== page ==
What do the words on my rates notice mean?
Explaining what the words in your notice mean
This web page gives definitions and explains words and terms in your rates notice.
Capital Improved Value (CIV)
Your property's value including site value (land), buildings and other improvements.
This is calculated by dividing the total rates we need for the financial year by the total value of all rateable properties in Cardinia Shire.
Victorian Government charges
These include the Victorian Government's Fire Services Property Levy, a levy to fund fire services in Victoria.
Rubbish and recycling service charges
An annual kerbside rubbish and recycling service charge is applied to every property with a dwelling. It is compulsory for all such properties to have this service. The cost will vary depending on whether your property has a 120-litre or 80-litre garbage bin, if you have the (optional) green waste bin, and any additional bin services you may have.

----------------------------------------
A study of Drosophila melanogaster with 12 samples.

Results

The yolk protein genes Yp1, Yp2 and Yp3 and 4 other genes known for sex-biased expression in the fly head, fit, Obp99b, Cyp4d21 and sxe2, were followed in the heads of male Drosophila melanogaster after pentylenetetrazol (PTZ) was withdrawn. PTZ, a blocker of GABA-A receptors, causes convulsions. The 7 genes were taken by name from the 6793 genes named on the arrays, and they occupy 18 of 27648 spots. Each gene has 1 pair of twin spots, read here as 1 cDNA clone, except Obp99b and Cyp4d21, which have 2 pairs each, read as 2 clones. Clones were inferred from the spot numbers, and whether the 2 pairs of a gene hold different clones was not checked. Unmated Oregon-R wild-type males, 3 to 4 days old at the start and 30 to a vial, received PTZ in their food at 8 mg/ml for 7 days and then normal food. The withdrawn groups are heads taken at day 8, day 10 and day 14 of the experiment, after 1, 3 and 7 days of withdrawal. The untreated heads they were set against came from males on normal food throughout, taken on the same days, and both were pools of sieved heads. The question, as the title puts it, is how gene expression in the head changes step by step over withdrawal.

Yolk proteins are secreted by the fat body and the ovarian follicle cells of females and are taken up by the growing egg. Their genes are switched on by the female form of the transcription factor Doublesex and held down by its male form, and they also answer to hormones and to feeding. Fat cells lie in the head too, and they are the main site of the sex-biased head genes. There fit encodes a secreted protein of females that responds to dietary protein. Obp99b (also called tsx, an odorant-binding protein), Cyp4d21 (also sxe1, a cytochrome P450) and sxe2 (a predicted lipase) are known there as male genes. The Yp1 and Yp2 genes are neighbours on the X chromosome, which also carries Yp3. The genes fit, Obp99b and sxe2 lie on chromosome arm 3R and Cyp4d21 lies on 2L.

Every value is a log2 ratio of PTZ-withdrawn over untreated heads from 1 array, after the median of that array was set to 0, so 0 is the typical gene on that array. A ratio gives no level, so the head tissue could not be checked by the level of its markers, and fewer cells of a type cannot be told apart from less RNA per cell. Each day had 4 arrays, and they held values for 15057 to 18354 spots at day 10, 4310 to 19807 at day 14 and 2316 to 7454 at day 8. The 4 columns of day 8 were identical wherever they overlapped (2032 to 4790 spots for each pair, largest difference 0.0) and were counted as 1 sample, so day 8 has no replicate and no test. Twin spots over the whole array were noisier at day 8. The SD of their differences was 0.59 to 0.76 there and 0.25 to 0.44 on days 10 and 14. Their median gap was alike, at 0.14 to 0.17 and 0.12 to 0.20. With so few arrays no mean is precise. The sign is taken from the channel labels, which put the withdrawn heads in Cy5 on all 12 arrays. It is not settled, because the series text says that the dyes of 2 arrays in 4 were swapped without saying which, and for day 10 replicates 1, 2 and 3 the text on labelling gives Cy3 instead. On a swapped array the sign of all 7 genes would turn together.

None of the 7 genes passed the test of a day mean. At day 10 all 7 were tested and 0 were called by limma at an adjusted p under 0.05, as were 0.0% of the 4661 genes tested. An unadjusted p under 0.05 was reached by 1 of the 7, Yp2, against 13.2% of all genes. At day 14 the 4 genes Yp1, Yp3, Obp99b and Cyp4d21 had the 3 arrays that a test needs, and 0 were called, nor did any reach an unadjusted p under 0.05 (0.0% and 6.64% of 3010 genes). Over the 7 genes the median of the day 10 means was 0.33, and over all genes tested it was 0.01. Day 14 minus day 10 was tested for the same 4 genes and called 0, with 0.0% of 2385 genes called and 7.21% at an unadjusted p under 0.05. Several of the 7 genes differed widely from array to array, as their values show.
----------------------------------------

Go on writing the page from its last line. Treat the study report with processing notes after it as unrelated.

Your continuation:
You can apply for a concession discount on your rates if you hold a Pensioner Concession Card or Department of Veterans' Affairs Gold Card. To see whether this concession has been applied, check for the 'stamp' on the front page of your annual rates notice.
Net Annual Value (NAV)
Fixed by Victorian Government legislation to be 5 per cent of the CIV for residential and rural properties. For commercial or industrial properties it is the estimated annual market rent and cannot be less than 5% of the CIV.
Land Use Classification (AVPCC)
A centralised, independent valuation authority assigns an Australian Valuation Property Classification Code (AVPCC) to your property, according to the use of your land.
This classification is used to calculate the Fire Services Property Levy amount payable (a Victorian Government charge), in accordance with the Fire Services Property Levy Act 2012.
It does not refer to the zoning of the property or how your rates are calculated.
More info: Property valuations
Differential rating system
This system means your rates will be calculated differently according to the type of property you own, such as residential, commercial and industrial, and vacant or unoccupied land. These categories are the fairest way to determine the rates contribution to be made by owners of different property classes.
For example, the Urban Residential rate is a higher rate in the dollar to reflect the greater number of services and facilities in the area, and the higher cost of providing them.